25 May 2006 | Lance Cpl. Megan Angel

A team of Islamic advocates from Phoenix and Tucson spoke to Marine Wing Support Squadron 371 at the station theater May 25.

In preparation for MWSS-371’s upcoming deployment, the speakers talked about basic Islamic beliefs, Islamic gender roles, and how Islam relates to current world events. After each presentation, the Marines were allowed to ask any questions.

Islam is both a religion and a complete way of life. Muslims follow a religion of peace, mercy and forgiveness that should not be associated with acts of violence against the innocent.
Training and education on the culture and beliefs of the countries troops will be serving in and the importance of knowing about and respecting their customs is essential. It helps troops become more informed of what’s going on in the area of operations in the Middle East.

The presentation began with Omar Shahin, a resident of Tucson and the Imam and director of the Islamic Center of Tucson, which is an institution established by a couple of University of Arizona students to create a mosque for other Muslim students to gather for prayer and fellowship. Imam is a religious leader who leads a congregational prayer.

Shahin talked about the basic practices and beliefs of Islam and the importance of friendly relations and understanding between Muslims and non-Muslims.

Education is the answer and many people misunderstand Islam and who Muslims really are, said Shahin. When people think about Islam, they relate it to Arabs and terrorism. We are not connected to any of those terrorist people. Only about 18 percent of Muslims are Arab.

“Islam is about saving all life,” said Shahin. “Killing innocent people -- all human beings -- is forbidden. It’s like any other religion; based on peace, love and forgiveness.”

Unfortunately, the media gives a bad image of Muslims and Islam, Shahin said. They target and criminalize Muslims sending a message to Americans that Muslims are criminals. The media never talks about real Muslims.

“Once people sit down and actually understand the true faith of Muslims, they see that Islam a beautiful religion,” said Shahin.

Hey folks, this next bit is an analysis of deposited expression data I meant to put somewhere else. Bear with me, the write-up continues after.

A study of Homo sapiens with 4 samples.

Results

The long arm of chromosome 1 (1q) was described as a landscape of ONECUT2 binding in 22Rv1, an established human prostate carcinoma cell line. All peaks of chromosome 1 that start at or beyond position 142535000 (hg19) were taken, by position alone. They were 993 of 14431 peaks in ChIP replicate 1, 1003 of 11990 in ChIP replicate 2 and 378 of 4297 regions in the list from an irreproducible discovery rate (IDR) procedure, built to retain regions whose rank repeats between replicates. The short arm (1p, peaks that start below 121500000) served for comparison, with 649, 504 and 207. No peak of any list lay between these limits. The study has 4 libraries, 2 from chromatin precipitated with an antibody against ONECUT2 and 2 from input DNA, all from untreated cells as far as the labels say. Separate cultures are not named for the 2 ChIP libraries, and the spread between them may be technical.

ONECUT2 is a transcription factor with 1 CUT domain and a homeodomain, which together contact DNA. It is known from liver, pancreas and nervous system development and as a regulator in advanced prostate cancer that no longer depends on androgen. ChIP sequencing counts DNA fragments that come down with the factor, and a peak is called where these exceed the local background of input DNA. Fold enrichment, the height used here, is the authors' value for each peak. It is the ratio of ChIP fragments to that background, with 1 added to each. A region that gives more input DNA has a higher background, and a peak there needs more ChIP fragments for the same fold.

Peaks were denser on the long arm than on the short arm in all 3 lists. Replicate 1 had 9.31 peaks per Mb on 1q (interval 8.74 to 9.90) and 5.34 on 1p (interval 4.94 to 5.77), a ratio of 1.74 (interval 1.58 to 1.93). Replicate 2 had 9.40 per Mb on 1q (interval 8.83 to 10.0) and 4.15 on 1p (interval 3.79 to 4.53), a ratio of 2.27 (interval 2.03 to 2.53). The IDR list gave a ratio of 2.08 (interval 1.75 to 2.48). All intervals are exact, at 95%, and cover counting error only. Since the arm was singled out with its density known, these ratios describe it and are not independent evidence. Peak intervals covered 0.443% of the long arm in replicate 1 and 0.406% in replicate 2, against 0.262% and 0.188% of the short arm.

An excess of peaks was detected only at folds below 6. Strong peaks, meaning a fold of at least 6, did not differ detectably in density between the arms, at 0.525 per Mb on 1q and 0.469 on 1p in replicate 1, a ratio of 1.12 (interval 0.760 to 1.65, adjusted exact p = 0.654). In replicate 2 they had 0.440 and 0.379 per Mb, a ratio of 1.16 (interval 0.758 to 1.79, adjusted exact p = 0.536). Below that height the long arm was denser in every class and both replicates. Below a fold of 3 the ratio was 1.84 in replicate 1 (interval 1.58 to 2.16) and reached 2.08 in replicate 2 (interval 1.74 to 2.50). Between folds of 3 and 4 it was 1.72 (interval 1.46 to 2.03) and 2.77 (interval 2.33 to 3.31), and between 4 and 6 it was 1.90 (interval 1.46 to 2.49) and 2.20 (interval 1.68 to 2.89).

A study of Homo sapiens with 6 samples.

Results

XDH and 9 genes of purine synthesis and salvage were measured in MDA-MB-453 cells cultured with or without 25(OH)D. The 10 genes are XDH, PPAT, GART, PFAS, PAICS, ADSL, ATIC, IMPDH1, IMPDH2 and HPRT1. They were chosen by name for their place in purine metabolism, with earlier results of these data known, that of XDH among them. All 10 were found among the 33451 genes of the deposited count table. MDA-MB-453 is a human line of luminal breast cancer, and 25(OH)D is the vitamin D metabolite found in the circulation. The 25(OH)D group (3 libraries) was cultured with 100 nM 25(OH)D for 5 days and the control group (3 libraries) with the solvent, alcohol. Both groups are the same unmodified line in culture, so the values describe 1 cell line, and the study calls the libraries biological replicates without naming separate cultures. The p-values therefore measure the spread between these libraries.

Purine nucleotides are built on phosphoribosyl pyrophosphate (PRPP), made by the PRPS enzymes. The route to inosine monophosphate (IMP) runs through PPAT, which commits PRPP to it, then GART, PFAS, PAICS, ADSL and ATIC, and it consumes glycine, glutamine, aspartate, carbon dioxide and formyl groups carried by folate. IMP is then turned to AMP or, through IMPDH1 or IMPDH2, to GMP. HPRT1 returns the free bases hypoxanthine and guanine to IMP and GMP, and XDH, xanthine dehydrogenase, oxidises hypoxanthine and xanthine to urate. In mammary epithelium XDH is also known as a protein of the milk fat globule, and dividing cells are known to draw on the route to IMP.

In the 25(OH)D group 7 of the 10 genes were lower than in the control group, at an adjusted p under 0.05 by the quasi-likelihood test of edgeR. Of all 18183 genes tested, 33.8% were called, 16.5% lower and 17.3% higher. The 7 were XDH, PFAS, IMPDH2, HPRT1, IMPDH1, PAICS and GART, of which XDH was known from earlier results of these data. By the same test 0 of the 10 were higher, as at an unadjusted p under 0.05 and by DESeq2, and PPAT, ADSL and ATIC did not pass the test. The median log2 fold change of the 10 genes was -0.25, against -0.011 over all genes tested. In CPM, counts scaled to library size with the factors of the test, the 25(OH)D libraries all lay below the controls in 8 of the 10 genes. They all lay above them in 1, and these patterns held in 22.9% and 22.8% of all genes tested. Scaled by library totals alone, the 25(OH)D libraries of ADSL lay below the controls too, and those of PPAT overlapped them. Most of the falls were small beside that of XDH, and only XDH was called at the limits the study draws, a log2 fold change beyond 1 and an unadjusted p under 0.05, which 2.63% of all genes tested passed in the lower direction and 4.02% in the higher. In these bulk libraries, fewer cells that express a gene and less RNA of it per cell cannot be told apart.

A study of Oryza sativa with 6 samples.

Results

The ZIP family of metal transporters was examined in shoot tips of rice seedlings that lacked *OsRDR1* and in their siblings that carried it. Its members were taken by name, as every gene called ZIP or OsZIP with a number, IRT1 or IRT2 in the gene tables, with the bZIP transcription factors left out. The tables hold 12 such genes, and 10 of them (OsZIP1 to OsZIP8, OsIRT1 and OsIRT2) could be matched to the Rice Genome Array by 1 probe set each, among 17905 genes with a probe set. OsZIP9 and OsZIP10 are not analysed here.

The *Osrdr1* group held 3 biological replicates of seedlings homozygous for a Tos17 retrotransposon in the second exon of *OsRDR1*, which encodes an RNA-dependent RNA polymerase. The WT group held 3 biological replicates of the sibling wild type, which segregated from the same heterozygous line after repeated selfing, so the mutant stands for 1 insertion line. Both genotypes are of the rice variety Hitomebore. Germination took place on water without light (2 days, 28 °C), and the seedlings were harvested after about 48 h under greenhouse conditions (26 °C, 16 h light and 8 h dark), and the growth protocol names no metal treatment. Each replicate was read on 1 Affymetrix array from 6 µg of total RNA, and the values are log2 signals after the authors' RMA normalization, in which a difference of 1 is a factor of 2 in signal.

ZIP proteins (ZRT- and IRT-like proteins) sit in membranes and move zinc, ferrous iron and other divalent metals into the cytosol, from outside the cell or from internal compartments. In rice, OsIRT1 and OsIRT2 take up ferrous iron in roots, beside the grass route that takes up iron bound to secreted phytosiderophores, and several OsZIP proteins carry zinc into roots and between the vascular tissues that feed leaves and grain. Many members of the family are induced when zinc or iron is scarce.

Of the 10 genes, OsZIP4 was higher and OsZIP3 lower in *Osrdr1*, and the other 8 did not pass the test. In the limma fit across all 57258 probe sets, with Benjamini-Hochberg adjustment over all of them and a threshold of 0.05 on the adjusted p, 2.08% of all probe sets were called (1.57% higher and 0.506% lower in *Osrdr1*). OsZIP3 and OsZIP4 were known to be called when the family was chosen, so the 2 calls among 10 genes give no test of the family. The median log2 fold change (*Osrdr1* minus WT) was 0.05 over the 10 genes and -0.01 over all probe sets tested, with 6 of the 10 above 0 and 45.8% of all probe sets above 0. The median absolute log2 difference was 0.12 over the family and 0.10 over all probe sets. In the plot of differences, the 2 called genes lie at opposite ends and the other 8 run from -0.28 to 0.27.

The Council on American-Islamic Relations is a nonprofit civil rights advocacy group and is America’s largest Islamic civil liberties group. The mission of the organization is to enhance and promote a mutual understanding of Islam in America.

“We hope to create a better understanding with the non-Muslim community,” said Nure Elatari, the program and media director of CAIR. “As an American-Muslim woman, my aspiration is to represent what a Muslim is and what a Muslim should be.”

We don’t aim to convert people to Islam, said Elatari. We simply share our religion with others to help them understand.

The belief that Muslim women are oppressed is completely false, Elatari said. Muslim women are actually encouraged to fulfill their obligations to society like going to college and voting.
Under Islamic law, women have always had the right to own property, receive and education and take part in community life, said Elatari. Men and women are to be respected equally. The Islamic rules for modest dress apply to both genders equally.

“The more people know about Muslims, they will think positively about Muslims,” said Mohamed El-Sharkawy, an airbus instructor at US Airways and chairman of CAIR. “Our main objective is to educate people about Islam because we want them to know the truth.”

“People will take any religion and pervert it,” said Lt. Jennifer L. Bixby, station chaplain. “The important bottom line is that people are people. There are so many who want to do good things and be good to each other. When people understand different beliefs and cultures, it doesn’t matter what religion they are.”

Troops undergo an array of training when preparing for deployment. The majority of the training is related to weapons, tactics and mission objectives. In the world today, the importance of cultural awareness is vital to the safety and effectiveness of deploying troops and their operations as well as preserving the beliefs and cultures of foreign countries.

“If we are not familiar with that culture or religion, no matter which they are, we may desecrate what they value and create a new enemy forever,” said Lt. Col. Phillip W. Woody, MWSS-371 commanding officer.